Spend Down On Care Last Updated January 21, 2018
Table of Contents:
- How Does It Work?
- Who is it for?
- How do I begin spending down on care?
Since Medicaid eligibility is determined by need, having too much income may disqualify you from receiving benefits. Each state determines its own "maximum allowable income" threshold for Medicaid eligibility, and if your total income exceeds it, you could be denied Medicaid. This is often called the "too much income" problem.
However, most states allow you to qualify for Medicaid even when your income is too high, provided that you spend your "excess income" (the amount over the maximum allowable income) on qualifying medical care. This strategy of attaining Medicaid eligibility is called "spending down on care."
Spending down on care is an effective, legal way of meeting Medicaid income requirements by spending your excess income on medical care.
Note that, when considering your Medicaid eligibility, your Medicaid caseworker will look at your total monthly income, which includes both "earned income" (wages) and "unearned income" (pensions, dividends, Social Security benefits, etc.).
How does it work?
Let's say you do not earn wages from a job, but you do collect both Social Security and a pension from a former career. Combined, your monthly income tallies $2,500 before taxes. If your state's maximum allowable income is $2,000 per month, then your excess income is $500, meaning you are $500 over the income limit. In theory, this would disqualify you from Medicaid.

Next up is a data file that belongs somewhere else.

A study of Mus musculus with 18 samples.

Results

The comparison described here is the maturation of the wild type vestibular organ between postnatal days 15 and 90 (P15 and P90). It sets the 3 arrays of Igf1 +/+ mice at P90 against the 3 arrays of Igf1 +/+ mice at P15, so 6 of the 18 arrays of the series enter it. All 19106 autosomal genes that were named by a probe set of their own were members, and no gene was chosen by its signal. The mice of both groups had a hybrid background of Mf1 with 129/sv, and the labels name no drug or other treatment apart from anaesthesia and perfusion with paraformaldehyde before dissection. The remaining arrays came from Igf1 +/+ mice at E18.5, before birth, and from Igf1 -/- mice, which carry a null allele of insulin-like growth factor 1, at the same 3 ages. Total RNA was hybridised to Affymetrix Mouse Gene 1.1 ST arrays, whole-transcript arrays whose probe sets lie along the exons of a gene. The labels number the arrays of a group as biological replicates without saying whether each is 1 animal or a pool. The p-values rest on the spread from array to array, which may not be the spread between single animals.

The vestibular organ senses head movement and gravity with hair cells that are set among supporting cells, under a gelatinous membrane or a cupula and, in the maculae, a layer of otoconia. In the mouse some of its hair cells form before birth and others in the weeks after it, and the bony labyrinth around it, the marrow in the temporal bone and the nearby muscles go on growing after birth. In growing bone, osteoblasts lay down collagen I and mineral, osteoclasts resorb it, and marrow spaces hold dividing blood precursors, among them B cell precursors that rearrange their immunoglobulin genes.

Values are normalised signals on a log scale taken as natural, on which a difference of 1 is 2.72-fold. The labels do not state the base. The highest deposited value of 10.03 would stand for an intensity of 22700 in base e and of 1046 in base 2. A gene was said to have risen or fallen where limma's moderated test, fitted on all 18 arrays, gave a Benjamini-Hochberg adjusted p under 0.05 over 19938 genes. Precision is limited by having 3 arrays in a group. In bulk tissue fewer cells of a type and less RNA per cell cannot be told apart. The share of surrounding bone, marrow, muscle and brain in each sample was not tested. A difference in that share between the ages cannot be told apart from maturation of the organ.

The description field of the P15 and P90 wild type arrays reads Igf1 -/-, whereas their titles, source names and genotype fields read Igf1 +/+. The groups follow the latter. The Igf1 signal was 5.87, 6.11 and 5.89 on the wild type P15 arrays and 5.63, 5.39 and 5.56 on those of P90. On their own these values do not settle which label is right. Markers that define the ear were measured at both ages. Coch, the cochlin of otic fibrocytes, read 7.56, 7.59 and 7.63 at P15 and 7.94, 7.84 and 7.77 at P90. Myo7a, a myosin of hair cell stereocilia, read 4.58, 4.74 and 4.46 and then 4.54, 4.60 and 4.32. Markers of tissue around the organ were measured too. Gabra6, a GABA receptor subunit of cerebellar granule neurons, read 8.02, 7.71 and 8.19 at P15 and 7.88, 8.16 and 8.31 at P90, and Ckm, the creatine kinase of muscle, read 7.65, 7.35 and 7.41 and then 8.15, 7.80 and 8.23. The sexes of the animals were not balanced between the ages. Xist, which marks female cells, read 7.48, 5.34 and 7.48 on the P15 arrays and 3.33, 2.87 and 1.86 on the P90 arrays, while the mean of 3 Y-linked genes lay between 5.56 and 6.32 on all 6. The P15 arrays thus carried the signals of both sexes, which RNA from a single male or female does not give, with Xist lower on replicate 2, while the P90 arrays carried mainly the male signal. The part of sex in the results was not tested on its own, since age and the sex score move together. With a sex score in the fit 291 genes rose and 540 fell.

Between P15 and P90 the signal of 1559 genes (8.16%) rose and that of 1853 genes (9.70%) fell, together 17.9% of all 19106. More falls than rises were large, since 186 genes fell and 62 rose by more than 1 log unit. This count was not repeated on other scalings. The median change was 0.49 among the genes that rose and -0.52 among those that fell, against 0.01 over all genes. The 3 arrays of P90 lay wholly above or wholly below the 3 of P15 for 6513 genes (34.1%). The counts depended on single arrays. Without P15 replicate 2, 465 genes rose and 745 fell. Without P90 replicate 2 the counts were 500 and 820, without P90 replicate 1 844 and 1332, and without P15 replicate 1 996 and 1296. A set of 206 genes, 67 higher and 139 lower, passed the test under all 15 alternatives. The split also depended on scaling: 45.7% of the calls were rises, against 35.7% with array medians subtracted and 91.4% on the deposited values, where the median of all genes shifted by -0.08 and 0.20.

But let's say you have ongoing medical expenses, including drug prescriptions and installments on hospital bills, which total $600 per month. If you file your claim correctly, that $600 is an allowable "spend down" of your excess income, bringing your considered income to $1,900 ($2,500 - $600). You are now within the maximum allowable income limit, so assuming you otherwise qualify, you can begin receiving Medicaid.
A broad array of medical expenses qualify for spending down, including:
- Hospital and medical bills (including past unpaid bills)
- Prescription drugs
- Payments for various therapies and treatments
- Nursing care and home health aides
- Medical equipment (hearing aids, surgical supplies, etc.)
- And more...
There are also medical expenses that Medicaid will not pay for, but will count toward your spend down, including services not covered by medicaid, services from providers that do not accept medicaid, and some medically-necessary over-the-counter items.
Who is it for?
While spending down on care is allowed under federal Medicaid eligibility requirements, whether it will work for you depends largely on your state of residence. Most states have "medically needy" ("spend down") provisions that explicitly permit the strategy, so spending down on care will work. To qualify, you typically must be either a senior over 65 years old, a child under 21, disabled or blind, or in a family where one or both parents are not providing income (due to absence, death, disability, or unemployment).
While most states allow income spend-down to qualify for Medicaid, some states prohibit the strategy by setting a hard limit on qualifying income. These "income cap" states deny Medicaid benefits to anyone whose total monthly income exceeds a defined amount, so spending down on care in these states would not work. Currently, the states with income-cap provisions are Alabama, Alaska, Arizona, Arkansas, Colorado, Delaware, Florida, Georgia, Idaho, Iowa, Kentucky, Louisiana, Mississippi, Nevada, New Mexico, New Jersey, Oklahoma, Oregon, South Carolina, South Dakota, Tennessee, Texas, and Wyoming. However, it can still be possible to qualify for Medicaid in income cap states by placing your excess income in a Qualified Income Trust, also known as a "Miller trust."
How do I begin spending down on care?
If you have too much income to qualify for Medicaid, have ongoing medical expenses, and live in a state with a "medically needy" provision, then you will likely benefit from spending down on care. However, the strategy requires detailed knowledge of your state's Medicaid rules, qualifying medical care, income thresholds and more, all of which are subject to change. Professional advice from a Medicaid expert is strongly advised.